Ellensburg Police Department now using body camera technology

David Snyder, News Director/Staff Reporter

The next time you are involved in a traffic stop with an Ellensburg police officer, your interaction will be recorded on video. 

The EPD acquired 42 body cameras, along with eight new in-car camera systems, thanks to a city budget allocation of about $150,000 back in January.

After spending months training officers and building the infrastructure to support this technology, the department started putting it to work just a few weeks ago.

“It’s a pretty big commitment,” EPD Captain Dan Hansberry said. 

A commitment, Hansberry said, that provides EPD officers more accountability and reason to stick to their high standards.

“The public feels like, ‘okay, if I get mistreated by the officer, there’s going to be video evidence of that,” Hansberry said.

That added accountability applies to the public as well. According to Hansberry, officers frequently receive false allegations against them, so the extra set of eyes will provide added protection.

Each officer is assigned a body camera. Department policy requires officers to wear these cameras throughout their shift. However, a camera doesn’t have to be recording unless an officer makes a police-related contact, such as a traffic stop.

If an officer fails to turn on their body camera when they’re supposed to, there are consequences. However, Hansberry said the disciplinary process is circumstantial. With the technology being relatively new to the department, mistakes are inevitably going to happen.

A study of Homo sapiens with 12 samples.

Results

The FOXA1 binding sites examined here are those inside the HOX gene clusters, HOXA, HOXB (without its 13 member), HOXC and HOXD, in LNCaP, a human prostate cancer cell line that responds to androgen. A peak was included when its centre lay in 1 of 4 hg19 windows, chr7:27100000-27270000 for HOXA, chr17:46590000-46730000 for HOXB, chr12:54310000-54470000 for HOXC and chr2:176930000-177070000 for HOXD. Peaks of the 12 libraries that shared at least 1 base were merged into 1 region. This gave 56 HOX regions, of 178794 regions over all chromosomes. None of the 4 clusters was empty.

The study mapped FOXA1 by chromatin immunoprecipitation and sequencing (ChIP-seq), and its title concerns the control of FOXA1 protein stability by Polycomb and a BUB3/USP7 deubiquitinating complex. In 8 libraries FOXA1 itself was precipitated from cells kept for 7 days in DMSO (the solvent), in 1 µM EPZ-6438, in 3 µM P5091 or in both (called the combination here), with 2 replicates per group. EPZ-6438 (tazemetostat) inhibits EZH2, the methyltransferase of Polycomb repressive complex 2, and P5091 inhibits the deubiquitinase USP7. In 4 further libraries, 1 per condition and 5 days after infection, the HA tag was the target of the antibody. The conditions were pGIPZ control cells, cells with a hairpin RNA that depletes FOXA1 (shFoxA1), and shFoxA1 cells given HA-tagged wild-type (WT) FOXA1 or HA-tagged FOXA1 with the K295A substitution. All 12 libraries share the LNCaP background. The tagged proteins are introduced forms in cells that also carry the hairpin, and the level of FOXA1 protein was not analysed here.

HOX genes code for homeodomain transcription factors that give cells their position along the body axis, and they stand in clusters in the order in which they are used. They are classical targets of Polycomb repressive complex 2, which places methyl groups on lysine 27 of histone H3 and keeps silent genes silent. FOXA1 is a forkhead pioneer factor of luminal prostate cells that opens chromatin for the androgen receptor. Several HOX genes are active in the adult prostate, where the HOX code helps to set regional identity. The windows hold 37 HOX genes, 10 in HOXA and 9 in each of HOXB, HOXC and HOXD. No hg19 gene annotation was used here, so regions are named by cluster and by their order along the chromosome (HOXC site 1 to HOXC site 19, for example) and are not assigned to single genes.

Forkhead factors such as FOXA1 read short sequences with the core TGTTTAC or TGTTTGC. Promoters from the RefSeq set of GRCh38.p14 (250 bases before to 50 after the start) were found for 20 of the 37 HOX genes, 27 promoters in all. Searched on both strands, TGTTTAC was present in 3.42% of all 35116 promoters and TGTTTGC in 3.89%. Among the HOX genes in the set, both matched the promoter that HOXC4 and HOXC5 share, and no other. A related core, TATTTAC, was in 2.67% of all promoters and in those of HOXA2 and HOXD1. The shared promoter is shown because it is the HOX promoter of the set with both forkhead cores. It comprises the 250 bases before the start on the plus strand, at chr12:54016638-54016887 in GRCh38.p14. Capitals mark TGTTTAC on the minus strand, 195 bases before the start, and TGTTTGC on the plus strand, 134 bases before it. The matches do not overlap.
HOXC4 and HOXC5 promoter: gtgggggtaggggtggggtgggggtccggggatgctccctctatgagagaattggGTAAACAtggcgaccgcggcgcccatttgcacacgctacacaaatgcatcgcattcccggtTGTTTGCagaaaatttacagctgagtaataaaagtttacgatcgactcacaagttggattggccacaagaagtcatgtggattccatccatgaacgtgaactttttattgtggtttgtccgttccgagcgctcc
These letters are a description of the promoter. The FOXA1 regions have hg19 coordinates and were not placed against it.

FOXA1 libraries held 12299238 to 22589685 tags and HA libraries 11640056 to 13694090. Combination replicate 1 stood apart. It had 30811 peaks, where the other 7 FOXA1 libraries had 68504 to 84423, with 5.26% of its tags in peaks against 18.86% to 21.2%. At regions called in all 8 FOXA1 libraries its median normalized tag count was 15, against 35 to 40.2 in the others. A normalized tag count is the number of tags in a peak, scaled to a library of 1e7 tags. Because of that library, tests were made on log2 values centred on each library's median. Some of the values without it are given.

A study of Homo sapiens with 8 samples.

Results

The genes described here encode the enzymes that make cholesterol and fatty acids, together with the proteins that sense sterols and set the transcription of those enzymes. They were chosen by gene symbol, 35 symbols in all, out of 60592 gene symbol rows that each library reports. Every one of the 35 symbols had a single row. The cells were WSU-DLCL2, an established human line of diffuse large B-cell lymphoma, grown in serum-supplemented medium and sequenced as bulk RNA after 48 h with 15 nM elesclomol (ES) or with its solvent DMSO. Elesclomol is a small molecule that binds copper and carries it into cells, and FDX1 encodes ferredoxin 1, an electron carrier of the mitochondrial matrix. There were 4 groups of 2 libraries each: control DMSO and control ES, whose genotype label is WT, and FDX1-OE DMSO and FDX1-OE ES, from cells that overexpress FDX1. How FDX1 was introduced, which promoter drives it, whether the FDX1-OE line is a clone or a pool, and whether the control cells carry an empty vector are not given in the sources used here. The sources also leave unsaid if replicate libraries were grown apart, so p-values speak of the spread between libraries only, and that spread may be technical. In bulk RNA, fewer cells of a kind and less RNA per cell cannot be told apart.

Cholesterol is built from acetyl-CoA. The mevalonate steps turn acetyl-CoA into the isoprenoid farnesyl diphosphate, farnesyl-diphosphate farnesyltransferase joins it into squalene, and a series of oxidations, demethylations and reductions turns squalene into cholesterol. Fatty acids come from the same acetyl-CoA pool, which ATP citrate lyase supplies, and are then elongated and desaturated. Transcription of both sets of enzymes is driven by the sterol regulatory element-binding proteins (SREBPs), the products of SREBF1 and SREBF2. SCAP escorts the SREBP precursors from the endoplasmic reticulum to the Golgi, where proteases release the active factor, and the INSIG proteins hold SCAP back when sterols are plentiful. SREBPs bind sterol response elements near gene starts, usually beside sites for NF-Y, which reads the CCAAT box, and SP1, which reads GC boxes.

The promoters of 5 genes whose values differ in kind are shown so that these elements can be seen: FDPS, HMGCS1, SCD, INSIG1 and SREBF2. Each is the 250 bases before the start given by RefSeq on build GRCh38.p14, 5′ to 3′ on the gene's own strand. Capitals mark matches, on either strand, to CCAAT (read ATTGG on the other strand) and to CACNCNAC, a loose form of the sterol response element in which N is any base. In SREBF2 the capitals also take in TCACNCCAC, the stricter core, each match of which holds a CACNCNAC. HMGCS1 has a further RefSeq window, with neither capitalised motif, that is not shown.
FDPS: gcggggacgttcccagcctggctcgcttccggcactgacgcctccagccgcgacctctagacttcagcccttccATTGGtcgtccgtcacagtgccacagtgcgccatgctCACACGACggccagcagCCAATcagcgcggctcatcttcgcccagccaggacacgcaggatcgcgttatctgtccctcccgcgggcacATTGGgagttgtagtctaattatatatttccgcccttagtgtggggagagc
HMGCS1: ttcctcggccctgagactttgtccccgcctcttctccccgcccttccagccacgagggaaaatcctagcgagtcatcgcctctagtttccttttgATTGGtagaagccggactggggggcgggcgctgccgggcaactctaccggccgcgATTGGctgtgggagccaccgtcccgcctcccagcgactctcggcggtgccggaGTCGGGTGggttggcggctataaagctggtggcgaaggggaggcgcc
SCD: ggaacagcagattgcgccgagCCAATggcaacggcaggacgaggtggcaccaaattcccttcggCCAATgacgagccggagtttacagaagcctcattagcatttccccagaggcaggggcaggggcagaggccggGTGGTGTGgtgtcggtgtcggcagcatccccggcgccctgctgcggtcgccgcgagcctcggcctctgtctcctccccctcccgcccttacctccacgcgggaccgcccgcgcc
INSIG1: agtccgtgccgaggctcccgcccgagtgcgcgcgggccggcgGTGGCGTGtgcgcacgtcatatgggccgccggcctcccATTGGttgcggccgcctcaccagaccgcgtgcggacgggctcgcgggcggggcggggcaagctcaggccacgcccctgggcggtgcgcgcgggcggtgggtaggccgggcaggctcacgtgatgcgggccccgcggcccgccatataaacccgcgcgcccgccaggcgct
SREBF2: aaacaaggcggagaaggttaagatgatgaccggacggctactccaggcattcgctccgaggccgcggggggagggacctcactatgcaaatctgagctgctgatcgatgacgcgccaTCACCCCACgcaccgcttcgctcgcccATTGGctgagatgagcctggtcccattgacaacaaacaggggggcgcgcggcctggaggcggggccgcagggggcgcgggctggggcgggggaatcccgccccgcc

“Of course, like any disciplinary program, it takes into account how many times you didn’t [use the camera],” Hansberry said. “It’s a muscle memory to turn [the camera] on, and it takes a while to develop that.”

The new technology can help mitigate this issue for the officers. The body cameras are linked to the in-car system, which includes both a dash and back seat camera. All the cameras start recording when an officer turns on his, or her, overhead lights.


According to Hansberry, the EPD patrol team fully embraces the body cameras. In fact, they have wanted them for years.

“Our officers haven’t been resistant…it just always came down to the large expense,” Hansberry said. “Once you have these tools, you’re committed to them.”

Officer Christian Alviar said he appreciated how progressive the department was about acquiring the camera system.

“I love it…It holds us to the highest level that our interactions with the community are able to be,” Alviar said.